Visitors to Boston Children's Hospital might notice a familiar accessory on some ICU charge nurse stations and mobile computer carts: Alexa-enabled Amazon devices. The institution has pioneered work with the voice service, including developing the first health skill on the device.
The KidsMD Alexa skill was created to give parents a resource and decision-support tool for questions related to their child's fever or other symptoms. Matt Murphy, innovation lead at Boston Children's Hospital Innovation and Digital Health Accelerator, described the effort as a collaboration between technologists--software developers and machine learning experts--and clinicians.
"Parents ask a question, it calls our system, and our system responds back with data and symptom information that is read off to the parent," Murphy explained.
KidsMD is just the start of the hospital's interest in voice platforms. Murphy's team is developing skills with the Alexa voice service for use inside the hospital, too. "The nice thing is that it's such a flexible platform that we're doing a lot of work independently within the enterprise," Murphy said. "Alexa, for us, is more about leveraging this initial platform as a way to experiment with voice more broadly in the hospital setting."
Patient-specific information is not available via voice command because voice platforms are not yet HIPAA compliant. Still, there may be ways to use voice services to give users information to schedule or confirm appointments, Murphy pointed out. "We definitely need to make that transition into the HIPAA-compliant framework before we can build out fully-enabled skills that have all the patient's health information on demand."Boston Children's is including a variety of stakeholders in the process of developing these applications. Patients, parents, social works, clinicians, and others were part of a hackathon in late 2016 to develop voice service skills for the hospital environment. One such skill was intended to assist parents who care for children with peripherally inserted central catheter (PICC) lines, instructing them in each step of cleaning the PICC line, changing medications, and addressing simple problems at home.
Still, there are plenty of useful skills that are possible while steering clear of patient-specific information, such as enabling a user to pinpoint the location of a specific device or medication within a vast stock room. Murphy added that the team also developed voice skills for the Intensive Care Unit (ICU), giving nurses support regarding lab information, blood draws, and related uses. That led to voice commands being used in the ICU today to offer basic reference information on medication dosing, specific protocols, contact phone numbers for staff members, and other useful information.
While exploring the use of voice platforms for healthcare, Murphy's team has picked up useful lessons along the way. For example, hospitals can be noisy, making it tough for the device to identify commands and for the user to hear a response. "We did have to do a lot of work around optimizing placement of some of these devices to capture what a clinician is saying in a real setting," Murphy said. That involved experimenting with various locations for the device and learning where a clinician is in a room when they're using a voice skill.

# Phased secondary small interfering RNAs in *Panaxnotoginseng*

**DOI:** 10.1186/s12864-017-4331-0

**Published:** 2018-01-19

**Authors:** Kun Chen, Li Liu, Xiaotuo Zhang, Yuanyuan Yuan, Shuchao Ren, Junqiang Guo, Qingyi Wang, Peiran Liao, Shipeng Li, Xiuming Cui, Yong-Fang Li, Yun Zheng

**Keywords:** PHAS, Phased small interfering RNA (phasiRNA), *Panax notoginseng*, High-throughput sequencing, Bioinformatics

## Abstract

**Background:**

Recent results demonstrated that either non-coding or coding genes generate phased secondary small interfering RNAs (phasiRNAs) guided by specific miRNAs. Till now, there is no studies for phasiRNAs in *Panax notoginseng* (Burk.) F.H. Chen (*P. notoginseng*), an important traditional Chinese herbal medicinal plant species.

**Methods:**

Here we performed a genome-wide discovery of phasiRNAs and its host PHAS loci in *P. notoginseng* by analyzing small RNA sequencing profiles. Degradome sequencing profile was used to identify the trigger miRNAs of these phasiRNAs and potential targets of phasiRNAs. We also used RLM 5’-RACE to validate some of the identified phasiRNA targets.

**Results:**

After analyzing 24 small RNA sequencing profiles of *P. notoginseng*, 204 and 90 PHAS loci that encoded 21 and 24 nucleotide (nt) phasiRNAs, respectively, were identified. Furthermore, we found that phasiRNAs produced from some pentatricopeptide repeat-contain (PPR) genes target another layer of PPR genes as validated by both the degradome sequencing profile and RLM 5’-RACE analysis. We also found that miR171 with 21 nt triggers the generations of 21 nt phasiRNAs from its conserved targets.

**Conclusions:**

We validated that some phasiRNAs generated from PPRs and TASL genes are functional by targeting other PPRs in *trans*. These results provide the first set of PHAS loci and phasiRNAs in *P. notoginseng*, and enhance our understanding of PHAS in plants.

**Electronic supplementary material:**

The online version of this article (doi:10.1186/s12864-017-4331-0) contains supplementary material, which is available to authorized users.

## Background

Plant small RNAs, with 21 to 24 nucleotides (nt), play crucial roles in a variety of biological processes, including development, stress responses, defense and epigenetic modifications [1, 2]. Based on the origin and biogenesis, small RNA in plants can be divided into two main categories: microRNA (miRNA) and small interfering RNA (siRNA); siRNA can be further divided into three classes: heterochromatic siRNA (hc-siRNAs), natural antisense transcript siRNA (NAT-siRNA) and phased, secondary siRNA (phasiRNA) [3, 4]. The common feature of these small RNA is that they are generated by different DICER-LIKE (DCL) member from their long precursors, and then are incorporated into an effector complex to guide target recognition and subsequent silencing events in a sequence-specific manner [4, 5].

The team found that one of the best ways to gain support for the voice skills from clinician users was to use the platform for easier, quicker access to reference information, Murphy said. Instead of shuffling through massive binders and piles of papers or performing numerous online searches for necessary information, doctors could ask the Amazon Echo device for the answer. "Prioritizing those as the first skills to develop was really powerful and got a lot of buy in from clinicians who were engaging with the platform," Murphy added.
Another lesson? The delivery method for information--verbal versus visual/reading--changes the way information is best presented. The information being referenced by the voice platform had to be reorganized to prioritize information for the user. "Voice is a great interface," Murphy said, "but it's not one where you want to be reading off paragraphs and paragraphs of information."
To address this, Murphy's team sought the advice of user experience designers to rethink the user experience with voice skills. "Thinking of prototyping via conversation versus prototyping via wire frames like you would do for web has been a great way for us to really create skills that are useful and lightweight to use on demand," he said. The verbal delivery also meant the team had to hard code specific pronunciations for certain medical terms and medications.
The efforts at Boston Children's Hospital offer a glimpse of the incredible potential for voice applications in healthcare. "I'd say there's definitely a future vision of voice being able to drive a lot of the interface or interactions that clinicians have with the medical record and other reference data sets around patient information, just because it's such a deep amount of information you have to process about a patient," Murphy said. "Pulling those things via voice commands is really powerful and I think that's probably the future of voice in healthcare."